Dysthymia is the disease of chronic discontent. Research reveals that it is one of the most common of all psychological maladies. It affects anywhere from 6 -10 % of the population, leaving them feeling depressed, numb, and cut off from what had once given them meaning and pleasure. It can take a long time to diagnose and to treat.
After watching Demolition, we wondered if the main character is an example of dysthymia. Davis (Jake Gyllenhaal) falls into depression after he escapes injury in a car accident in which his wife Julia (Heather Lind) is killed. He and everyone else expect him to be devastated by grief and overcome by loss. Instead just the opposite takes place: he finds it impossible to feel anything.
Davis, a successful Wall Street financier in his father-in-law Phil's (Chris Cooper) investment company, returns to work as if nothing has happened. A few people try to talk to him about what has happened, but he's too emotionally blocked to respond. Then he begins writing letters to the Champion Vending Machines company about their machine in the ICU at the hospital; the night of his wife's death, the candy he was buying got stuck and he never got it. While explaining the context around his request for a refund, he reveals the intimate details of his life and marriage to Karen Morino (Naomi Watts), the company's customer service representative.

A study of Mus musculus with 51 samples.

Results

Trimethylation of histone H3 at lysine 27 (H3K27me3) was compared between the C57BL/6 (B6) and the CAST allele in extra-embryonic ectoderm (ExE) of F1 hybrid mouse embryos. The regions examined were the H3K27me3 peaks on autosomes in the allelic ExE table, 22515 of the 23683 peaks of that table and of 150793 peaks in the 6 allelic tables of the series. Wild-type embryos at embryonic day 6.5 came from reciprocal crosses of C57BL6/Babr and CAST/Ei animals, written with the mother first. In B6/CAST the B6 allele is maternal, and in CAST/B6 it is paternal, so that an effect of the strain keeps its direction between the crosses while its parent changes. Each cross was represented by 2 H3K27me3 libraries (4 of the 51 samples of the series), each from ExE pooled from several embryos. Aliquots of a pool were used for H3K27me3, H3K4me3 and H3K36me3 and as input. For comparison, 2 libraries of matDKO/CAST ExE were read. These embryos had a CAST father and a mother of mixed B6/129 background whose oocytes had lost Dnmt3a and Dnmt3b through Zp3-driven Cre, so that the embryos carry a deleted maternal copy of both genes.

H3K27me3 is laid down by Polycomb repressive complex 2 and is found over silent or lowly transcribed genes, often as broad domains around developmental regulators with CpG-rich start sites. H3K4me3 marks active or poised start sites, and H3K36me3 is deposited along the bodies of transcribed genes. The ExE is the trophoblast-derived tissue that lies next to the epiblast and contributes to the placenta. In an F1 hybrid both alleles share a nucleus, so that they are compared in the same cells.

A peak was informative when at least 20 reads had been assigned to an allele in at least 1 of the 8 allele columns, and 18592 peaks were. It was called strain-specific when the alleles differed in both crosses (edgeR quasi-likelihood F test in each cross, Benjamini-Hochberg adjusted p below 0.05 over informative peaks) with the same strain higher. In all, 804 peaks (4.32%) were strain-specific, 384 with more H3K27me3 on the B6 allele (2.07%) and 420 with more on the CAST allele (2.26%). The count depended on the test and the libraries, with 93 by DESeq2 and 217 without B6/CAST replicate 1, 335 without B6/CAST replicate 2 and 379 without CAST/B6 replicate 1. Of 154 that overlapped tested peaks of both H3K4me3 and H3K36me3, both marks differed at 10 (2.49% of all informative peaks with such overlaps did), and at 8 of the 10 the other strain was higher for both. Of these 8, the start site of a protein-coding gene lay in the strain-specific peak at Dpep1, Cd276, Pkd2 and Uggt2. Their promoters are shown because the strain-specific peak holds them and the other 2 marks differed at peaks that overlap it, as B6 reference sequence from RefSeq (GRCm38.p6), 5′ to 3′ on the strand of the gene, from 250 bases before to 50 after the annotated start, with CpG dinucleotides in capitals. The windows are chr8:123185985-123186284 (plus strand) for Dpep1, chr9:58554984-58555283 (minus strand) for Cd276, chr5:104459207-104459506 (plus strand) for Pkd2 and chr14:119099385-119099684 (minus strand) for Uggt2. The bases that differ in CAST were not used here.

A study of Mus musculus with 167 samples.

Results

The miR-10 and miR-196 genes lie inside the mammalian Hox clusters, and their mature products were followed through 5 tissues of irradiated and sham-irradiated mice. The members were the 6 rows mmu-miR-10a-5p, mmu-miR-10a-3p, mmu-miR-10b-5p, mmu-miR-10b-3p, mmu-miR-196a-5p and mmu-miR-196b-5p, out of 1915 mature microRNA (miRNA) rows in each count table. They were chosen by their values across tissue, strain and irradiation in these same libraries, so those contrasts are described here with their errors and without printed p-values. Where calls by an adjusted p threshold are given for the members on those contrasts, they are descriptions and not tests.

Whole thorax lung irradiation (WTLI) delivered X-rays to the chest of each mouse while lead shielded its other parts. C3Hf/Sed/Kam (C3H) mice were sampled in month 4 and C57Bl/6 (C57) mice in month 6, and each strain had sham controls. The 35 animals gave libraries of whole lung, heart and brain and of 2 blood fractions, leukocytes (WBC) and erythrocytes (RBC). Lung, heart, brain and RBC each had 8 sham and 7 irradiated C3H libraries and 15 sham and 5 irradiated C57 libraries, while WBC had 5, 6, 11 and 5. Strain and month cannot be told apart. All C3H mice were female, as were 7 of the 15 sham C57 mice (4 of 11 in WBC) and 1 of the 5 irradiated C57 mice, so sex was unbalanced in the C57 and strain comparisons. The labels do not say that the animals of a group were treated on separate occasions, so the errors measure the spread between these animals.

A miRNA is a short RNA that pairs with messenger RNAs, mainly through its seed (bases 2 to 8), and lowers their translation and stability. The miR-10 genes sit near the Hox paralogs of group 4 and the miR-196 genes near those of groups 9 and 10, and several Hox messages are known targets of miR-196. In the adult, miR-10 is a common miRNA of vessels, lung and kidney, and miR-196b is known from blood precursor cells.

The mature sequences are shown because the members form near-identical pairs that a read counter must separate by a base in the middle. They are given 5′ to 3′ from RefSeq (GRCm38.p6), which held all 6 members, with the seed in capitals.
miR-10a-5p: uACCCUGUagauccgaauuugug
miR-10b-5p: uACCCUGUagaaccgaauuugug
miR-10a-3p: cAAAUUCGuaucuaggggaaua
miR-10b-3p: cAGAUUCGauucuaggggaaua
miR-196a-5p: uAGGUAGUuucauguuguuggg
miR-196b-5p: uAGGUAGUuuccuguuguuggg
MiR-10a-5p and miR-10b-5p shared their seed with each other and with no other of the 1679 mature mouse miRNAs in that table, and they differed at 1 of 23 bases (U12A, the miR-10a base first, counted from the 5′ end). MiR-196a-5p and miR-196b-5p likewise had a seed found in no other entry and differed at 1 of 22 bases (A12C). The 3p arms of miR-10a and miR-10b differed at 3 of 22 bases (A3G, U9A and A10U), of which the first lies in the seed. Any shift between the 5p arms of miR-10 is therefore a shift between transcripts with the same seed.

Karen is deeply moved by his honesty and calls him back at 2:00 a.m to see if he needs someone to talk to. After several failed attempts to get together, they meet and become friends. She has a rebellious son, Chris (Judah Lewis), who takes a shine to Davis after they spend a day together demolishing his fancy suburban home. Davis now comes across as a very angry man; he previously spent an afternoon with a wrecking crew tearing down a house.
Demolition is not an easy film to watch given Davis's initial lethargy and emotional shutdown and the rather extreme measures he later takes to deal with his grief. Director Vallee (The Dallas Buyers Club, Wild) has created an unconventional dramedy about a man with an empty heart who is pulled back into the land of the living by his father-in-law, his newfound friend, and her gay son. The screenplay by Bryan Sipe contains plenty of surprising developments as these off-beat characters all make their special contributions to Davis's spiritual healing.
Jake Gyllenhaal gives an edgy and intense performance as a widower who takes apart nearly everything around him as practice for unlocking his heart's code. And, in the end, that is really all he really needs to do.